Frankly, I am no big fan of Reed Hundt, former FCC commish who I think was one of the many so called smart people responsible for the late 1990s telecom mess. But I find hard to argue with him, when he says that our emergency communications […]

Frankly, I am no big fan of Reed Hundt, former FCC commish who I think was one of the many so called smart people responsible for the late 1990s telecom mess. But I find hard to argue with him, when he says that our emergency communications infrastructure stinks. “The United States today has no system in place that allows emergency response personnel to communicate reliably and effectively in a crisis,” he writes in an essay. A lot of smart folks here, here and here have response to his suggestions, and I think we really need to listen to Hundt this time around. He is making very very very valid points. This is not about VoIP calls or some crap like that. Its a bigger issue, which needs to be addressed right away.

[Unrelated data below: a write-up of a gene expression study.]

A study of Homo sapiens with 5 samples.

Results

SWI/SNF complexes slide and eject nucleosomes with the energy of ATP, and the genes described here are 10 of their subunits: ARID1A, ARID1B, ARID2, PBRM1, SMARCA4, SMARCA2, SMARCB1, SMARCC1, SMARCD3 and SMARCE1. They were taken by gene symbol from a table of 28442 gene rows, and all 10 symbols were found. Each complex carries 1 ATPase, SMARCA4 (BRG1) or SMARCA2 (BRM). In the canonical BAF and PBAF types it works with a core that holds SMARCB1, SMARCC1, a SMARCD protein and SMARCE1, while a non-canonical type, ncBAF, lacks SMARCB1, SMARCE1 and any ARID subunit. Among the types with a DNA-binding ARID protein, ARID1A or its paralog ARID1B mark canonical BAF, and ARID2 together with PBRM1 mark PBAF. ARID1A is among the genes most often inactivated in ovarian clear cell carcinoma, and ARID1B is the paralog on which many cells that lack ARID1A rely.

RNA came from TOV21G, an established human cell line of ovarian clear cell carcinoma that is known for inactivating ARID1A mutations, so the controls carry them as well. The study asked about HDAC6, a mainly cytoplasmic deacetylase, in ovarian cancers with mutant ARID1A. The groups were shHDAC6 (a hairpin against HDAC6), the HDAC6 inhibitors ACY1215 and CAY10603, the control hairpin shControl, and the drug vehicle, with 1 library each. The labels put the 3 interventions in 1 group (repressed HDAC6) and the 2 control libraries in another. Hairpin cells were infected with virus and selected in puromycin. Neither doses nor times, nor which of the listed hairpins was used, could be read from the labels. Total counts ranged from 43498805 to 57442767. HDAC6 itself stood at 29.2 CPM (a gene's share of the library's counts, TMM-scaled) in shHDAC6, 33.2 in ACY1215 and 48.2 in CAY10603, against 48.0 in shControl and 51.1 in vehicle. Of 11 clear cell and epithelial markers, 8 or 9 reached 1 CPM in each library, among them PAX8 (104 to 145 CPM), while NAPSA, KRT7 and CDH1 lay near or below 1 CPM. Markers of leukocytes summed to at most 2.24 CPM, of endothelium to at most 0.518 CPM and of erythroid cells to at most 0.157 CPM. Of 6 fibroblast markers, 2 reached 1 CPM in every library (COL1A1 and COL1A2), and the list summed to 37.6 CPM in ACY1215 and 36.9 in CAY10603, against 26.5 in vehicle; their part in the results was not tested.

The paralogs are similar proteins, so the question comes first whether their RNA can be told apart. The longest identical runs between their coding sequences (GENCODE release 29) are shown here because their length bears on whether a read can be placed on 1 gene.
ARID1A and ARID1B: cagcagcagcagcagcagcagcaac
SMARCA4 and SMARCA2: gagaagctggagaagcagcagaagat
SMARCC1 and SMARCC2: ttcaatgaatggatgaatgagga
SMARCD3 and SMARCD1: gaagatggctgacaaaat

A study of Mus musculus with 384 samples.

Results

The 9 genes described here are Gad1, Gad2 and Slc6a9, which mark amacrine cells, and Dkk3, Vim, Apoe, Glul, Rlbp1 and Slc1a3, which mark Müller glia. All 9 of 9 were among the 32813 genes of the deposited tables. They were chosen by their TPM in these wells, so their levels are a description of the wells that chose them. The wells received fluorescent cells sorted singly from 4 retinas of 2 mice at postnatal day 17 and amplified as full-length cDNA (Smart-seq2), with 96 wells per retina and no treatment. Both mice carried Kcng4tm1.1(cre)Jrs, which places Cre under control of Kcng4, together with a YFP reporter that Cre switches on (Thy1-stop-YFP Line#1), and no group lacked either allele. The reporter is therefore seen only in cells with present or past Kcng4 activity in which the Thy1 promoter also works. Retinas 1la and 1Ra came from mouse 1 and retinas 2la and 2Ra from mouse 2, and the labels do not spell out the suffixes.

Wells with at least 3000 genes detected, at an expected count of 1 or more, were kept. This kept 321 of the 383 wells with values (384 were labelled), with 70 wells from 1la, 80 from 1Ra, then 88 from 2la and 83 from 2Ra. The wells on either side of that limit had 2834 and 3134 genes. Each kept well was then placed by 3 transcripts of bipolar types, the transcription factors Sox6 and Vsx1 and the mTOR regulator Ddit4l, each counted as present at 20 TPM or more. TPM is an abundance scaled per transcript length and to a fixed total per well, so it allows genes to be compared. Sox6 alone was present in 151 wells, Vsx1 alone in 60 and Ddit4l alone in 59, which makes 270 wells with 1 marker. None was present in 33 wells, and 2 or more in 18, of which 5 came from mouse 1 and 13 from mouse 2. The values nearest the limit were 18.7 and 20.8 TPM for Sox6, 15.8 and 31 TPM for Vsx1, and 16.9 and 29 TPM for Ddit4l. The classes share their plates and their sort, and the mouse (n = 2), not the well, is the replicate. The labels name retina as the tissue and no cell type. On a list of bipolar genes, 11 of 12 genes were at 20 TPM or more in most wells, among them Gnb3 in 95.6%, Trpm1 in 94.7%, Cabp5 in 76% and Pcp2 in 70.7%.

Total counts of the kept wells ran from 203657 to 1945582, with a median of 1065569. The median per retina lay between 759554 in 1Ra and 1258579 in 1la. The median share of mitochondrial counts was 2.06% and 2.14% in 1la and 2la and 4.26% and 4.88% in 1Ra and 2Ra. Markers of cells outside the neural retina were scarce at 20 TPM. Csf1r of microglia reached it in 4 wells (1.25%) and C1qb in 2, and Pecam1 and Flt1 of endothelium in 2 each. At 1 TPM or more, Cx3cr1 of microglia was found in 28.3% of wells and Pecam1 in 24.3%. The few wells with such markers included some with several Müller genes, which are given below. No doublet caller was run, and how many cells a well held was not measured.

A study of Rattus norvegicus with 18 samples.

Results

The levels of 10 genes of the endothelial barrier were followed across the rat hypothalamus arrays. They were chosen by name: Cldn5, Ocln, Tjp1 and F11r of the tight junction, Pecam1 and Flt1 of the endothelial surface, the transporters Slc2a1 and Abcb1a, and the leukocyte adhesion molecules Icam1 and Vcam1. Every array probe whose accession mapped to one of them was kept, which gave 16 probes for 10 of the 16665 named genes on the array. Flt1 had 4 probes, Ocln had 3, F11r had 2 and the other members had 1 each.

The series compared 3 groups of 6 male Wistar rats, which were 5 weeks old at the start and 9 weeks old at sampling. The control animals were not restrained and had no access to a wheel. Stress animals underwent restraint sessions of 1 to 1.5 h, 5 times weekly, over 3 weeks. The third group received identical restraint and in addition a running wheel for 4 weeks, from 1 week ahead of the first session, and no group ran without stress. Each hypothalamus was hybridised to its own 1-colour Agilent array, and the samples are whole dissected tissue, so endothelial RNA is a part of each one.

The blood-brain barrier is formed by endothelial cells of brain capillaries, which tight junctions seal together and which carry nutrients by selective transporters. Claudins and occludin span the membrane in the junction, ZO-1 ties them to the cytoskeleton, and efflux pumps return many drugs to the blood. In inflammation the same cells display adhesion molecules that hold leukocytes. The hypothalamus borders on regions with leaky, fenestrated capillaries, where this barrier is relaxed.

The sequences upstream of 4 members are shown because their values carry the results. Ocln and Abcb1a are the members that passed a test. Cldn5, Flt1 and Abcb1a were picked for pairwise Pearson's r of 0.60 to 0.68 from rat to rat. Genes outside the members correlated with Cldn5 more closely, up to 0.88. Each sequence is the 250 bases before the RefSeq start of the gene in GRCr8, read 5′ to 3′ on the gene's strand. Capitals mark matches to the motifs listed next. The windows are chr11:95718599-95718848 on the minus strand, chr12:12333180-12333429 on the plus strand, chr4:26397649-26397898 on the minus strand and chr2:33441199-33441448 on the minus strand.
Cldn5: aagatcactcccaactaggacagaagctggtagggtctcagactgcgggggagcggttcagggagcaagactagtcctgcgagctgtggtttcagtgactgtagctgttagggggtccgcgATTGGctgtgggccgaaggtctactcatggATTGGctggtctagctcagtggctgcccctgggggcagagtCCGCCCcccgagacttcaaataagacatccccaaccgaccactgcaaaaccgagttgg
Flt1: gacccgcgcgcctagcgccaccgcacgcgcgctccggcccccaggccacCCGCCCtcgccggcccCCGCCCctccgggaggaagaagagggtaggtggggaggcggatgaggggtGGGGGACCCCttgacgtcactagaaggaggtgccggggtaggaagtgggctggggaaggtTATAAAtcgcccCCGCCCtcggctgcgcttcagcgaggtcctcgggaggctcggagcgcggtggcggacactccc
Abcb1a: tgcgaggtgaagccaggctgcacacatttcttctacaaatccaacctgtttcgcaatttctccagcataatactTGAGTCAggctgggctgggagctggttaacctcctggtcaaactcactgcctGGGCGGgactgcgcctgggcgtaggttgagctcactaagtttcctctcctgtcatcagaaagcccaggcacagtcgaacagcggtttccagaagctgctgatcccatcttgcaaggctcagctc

1. You think!

    Well let’s just say the FCC and Congress have not learned a thing since 9-11. Just way to busy worrying about how to keep the big-ass BOC’s in the money and giving them everything they need to kill off the competitive market, of WHICH HAD THE ACCESS TO THE NETWORKS GIVEN TO THEM BY THE TELCOM ACT – 96, I do believe we would have greater and farther reaching communications than we have know.

    Think about it, if we continue leave it all up to the BOC’s for homeland security communication issues, one could just expect the same crap over and over again.